NEW YORK, June 1, 2017 — Today, June 1, marks the beginning of the Atlantic hurricane season. Reporters covering the 2017 season can contact the Insurance Information Institute (I.I.I.) for resources, storm analysis and interviews.
I.I.I. experts are available to discuss the economics of insuring against disasters, consumer tips for disaster preparedness and how insurers can play a vital role in fostering community resilience.
As part of its ongoing work, the I.I.I. has teamed up with Dr. Philip Klotzbach, meteorologist in the Department of Atmospheric Science at Colorado State University (CSU) and the Tropical Meteorology Project (TMP), which specializes in Atlantic Basin seasonal hurricane forecasts. Dr. Klotzbach and the TMP predicted today 13 more named storms for 2017. This is in addition to Tropical Storm Arlene, which formed in April, prior to the official start of the hurricane season.
“We anticipate that the 2017 Atlantic hurricane season will have near-average activity,” said Dr. Klotzbach. “This forecast is due to a combination of predicted warm neutral ENSO to weak El Niño conditions combined with a somewhat warmer than normal tropical Atlantic.”
The TMP also found that six of the 13 storms will become hurricanes and that two will become major hurricanes, with maximum sustained winds of more than 111 mph.
“Coastal residents need to be mindful that it only takes one hurricane to ravage communities and shatter lives,” said Sean Kevelighan, chief executive officer with the I.I.I.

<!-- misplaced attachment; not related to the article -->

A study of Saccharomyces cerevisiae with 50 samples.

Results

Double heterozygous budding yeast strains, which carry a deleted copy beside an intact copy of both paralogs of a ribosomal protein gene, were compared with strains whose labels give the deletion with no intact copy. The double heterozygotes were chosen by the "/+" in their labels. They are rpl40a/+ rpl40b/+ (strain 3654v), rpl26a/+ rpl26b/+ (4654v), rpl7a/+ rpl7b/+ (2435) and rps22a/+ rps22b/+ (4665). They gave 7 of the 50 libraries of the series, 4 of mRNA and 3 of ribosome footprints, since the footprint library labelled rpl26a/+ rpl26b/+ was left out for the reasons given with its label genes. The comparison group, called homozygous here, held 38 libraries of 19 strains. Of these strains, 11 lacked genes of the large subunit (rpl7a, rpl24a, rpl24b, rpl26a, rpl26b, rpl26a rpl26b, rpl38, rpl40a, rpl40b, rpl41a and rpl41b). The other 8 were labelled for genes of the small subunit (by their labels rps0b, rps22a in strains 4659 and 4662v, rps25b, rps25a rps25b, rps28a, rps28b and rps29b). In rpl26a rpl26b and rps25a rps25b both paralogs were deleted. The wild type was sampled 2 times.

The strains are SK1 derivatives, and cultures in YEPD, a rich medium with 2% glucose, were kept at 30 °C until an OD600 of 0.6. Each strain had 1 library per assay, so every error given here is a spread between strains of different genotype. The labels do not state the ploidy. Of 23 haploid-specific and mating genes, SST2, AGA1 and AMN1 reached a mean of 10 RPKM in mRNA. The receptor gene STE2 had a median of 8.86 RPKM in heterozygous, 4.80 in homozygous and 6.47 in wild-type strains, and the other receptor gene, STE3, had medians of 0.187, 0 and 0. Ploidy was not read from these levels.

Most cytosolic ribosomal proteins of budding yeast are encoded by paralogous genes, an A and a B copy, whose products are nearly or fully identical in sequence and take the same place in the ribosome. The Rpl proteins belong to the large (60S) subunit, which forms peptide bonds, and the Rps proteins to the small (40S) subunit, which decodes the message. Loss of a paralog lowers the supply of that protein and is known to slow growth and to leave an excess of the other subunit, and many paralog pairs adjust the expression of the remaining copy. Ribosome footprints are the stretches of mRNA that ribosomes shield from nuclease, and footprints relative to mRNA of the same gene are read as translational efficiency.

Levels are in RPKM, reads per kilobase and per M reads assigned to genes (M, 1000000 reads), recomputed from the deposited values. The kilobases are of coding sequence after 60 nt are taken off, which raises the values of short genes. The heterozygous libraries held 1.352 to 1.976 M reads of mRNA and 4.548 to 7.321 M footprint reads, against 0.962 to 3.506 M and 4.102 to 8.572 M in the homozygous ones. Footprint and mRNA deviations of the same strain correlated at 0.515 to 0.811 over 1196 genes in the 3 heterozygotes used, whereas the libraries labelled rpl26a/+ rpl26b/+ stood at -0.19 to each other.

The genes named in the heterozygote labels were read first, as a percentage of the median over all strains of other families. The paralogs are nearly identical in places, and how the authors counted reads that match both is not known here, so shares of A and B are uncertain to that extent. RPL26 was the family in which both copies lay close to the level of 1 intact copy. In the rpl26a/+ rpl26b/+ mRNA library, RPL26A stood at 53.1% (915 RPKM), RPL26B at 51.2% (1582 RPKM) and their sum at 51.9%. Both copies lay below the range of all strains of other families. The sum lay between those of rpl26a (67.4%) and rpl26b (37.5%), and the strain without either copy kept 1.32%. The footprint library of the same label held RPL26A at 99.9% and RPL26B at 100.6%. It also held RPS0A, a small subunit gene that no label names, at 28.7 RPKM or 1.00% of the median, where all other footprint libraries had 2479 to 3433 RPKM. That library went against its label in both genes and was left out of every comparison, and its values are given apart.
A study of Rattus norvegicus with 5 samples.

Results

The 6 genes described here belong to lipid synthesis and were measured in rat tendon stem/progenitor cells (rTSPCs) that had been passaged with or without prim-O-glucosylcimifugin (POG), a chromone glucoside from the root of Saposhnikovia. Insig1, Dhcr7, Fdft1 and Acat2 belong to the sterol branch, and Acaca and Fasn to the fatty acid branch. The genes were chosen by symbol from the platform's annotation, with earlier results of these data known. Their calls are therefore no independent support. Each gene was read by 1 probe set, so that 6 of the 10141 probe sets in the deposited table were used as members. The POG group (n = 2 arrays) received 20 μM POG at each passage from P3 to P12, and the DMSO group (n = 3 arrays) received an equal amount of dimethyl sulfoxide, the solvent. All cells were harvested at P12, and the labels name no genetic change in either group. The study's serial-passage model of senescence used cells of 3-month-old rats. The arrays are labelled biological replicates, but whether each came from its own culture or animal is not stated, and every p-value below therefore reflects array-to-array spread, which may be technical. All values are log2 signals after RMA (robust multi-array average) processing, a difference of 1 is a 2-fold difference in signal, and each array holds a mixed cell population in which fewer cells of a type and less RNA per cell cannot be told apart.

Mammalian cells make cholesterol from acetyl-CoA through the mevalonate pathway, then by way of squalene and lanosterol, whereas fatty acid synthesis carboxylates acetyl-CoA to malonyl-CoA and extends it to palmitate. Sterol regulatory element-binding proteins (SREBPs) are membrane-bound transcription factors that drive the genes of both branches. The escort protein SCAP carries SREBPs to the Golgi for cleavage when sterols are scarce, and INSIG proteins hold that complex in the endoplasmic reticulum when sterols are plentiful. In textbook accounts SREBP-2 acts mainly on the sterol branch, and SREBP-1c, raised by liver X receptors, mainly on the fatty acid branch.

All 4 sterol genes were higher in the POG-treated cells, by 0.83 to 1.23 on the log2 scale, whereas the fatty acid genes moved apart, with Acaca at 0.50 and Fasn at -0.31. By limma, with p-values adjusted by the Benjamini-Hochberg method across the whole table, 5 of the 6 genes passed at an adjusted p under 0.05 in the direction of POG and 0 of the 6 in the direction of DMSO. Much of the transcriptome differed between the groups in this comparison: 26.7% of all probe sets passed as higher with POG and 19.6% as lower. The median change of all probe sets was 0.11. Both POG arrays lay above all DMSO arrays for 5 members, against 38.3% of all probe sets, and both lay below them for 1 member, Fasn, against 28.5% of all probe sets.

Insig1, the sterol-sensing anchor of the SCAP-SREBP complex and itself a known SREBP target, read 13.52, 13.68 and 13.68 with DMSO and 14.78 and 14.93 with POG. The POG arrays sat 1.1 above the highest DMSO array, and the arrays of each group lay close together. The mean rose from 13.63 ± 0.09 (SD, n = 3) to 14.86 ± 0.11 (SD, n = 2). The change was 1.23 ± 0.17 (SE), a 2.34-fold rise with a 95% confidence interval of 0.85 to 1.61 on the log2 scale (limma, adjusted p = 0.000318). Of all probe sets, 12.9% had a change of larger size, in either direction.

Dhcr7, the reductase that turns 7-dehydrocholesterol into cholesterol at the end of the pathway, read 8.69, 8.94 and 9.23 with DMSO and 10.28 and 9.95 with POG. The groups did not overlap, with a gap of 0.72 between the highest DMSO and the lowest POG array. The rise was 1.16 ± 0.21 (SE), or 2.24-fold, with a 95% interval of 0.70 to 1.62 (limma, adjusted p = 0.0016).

Kevelighan warned that disaster losses along both the East and Gulf Coasts are projected to escalate in the coming years, in part because of spikes in building and property development. “With the Atlantic hurricane season upon us, we have an opportunity to promote community resilience with greater emphasis on solutions that can save lives and prevent losses,” he said. “The key to having a lasting impact is to build and grow a resilience movement that helps businesses, communities and individuals plan ahead. This kind of preparation helps by lowering insurance costs, reducing losses, and encouraging faster recovery and rebuilding of our cities and infrastructure.”
According to the I.I.I., wind damage from tropical storms and hurricanes is covered under standard homeowners, renters and business insurance policies. Flood damage is excluded under standard home and business policies. Separate flood coverage can be purchased from FEMA’s National Flood Insurance Program (NFIP), and from a few private insurance companies. Find out more about flood insurance here.
Damage to cars from tropical storms and hurricanes is covered under the optional comprehensive portion of an auto insurance policy. Comprehensive coverage includes wind damage, flooding and falling objects such as tree limbs.
The 2017 Atlantic Hurricane season ends on November 30.
For more information, visit the following resources:
Facts And Statistics
Consumer And Business Resources
The I.I.I. has a full library of educational videos on its YouTube Channel.